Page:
At a hearing on 3 April 2017, Mr Justice Mann made an order that the Metropolitan Police Service (“MPS”) provide information about Operation Yewtree to the BBC, the first defendant in to a privacy claim brought by Sir Cliff Richard.
The claim arises out of the publicity given to a police raid on his Sir Cliff’s flat in August 2014. Sir Cliff “formally asked” the BBC whether its source of the story was within Operation Yewtree – which was conducted by the MPS. The BBC sought to resist giving that information on the basis that the pool of officers within Operation Yewtree was small so that answering this question risked disclosing a journalistic source.
In support of its case the BBC sought an order requiring the MPS to disclose a large number of documents in order to show the numbers of people who were aware of the investigation into Sir Cliff and information on an internal investigation to identify a potential source in Operation Yewtree.
The Judge held that the information sought by the BBC related to an important matter and a significant point in the case, namely the extent of its journalistic privilege.
Mann J said that the disclosure order sought went too far and had to be refused. The MPS would have to provide a huge number of possible documents. There was, however, a more efficient way of acquiring the necessary information sought . The information could be obtained via a statement by a responsible, senior police officer, possibly the MPS’s Assistant Commissioner, since he had headed the internal investigation into a possible leak.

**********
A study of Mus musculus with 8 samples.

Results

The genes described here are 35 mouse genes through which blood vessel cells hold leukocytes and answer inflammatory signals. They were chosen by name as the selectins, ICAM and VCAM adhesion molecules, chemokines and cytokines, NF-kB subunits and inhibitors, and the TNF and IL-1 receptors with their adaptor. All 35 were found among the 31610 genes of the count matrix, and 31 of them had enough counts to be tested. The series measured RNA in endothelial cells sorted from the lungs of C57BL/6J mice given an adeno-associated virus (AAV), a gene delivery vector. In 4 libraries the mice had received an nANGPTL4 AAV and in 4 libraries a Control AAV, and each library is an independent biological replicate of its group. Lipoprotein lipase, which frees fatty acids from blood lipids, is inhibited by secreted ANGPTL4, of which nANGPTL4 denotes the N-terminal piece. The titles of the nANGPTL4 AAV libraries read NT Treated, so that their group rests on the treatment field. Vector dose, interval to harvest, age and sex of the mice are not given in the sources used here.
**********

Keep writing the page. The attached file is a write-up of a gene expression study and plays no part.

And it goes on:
The court could create such a mechanism for achieving disclosure by granting the BBC permission to issue a witness summons, but ordering it not to serve it if the MPS provided the necessary information within a certain period of time. There was a parallel to that mechanism in patent actions where a party could provide a product and process description
The questions to be answered in the MPS’s statement concerned two issues. First, the statement had to disclose the approximate number of people (a) inside the MPS with authorised involvement in the investigation into the claimant; (b) inside the MPS with authorised awareness of the investigation; (c) outside Operation Yewtree aware of the investigation, including CPS officers, or very senior police officers. Secondly, the statement had to disclose an outline of the investigation into the leak, and the result of that investigation.
The application had thereby changed from a disclosure order to a statement obligation. The MPS was at liberty to apply if it objected to the technique or scope of the information sought.
There will be a further hearing on 4 May 2017 to determine whether or not the BBC should disclose information as to whether the source was within Operation Yewtree.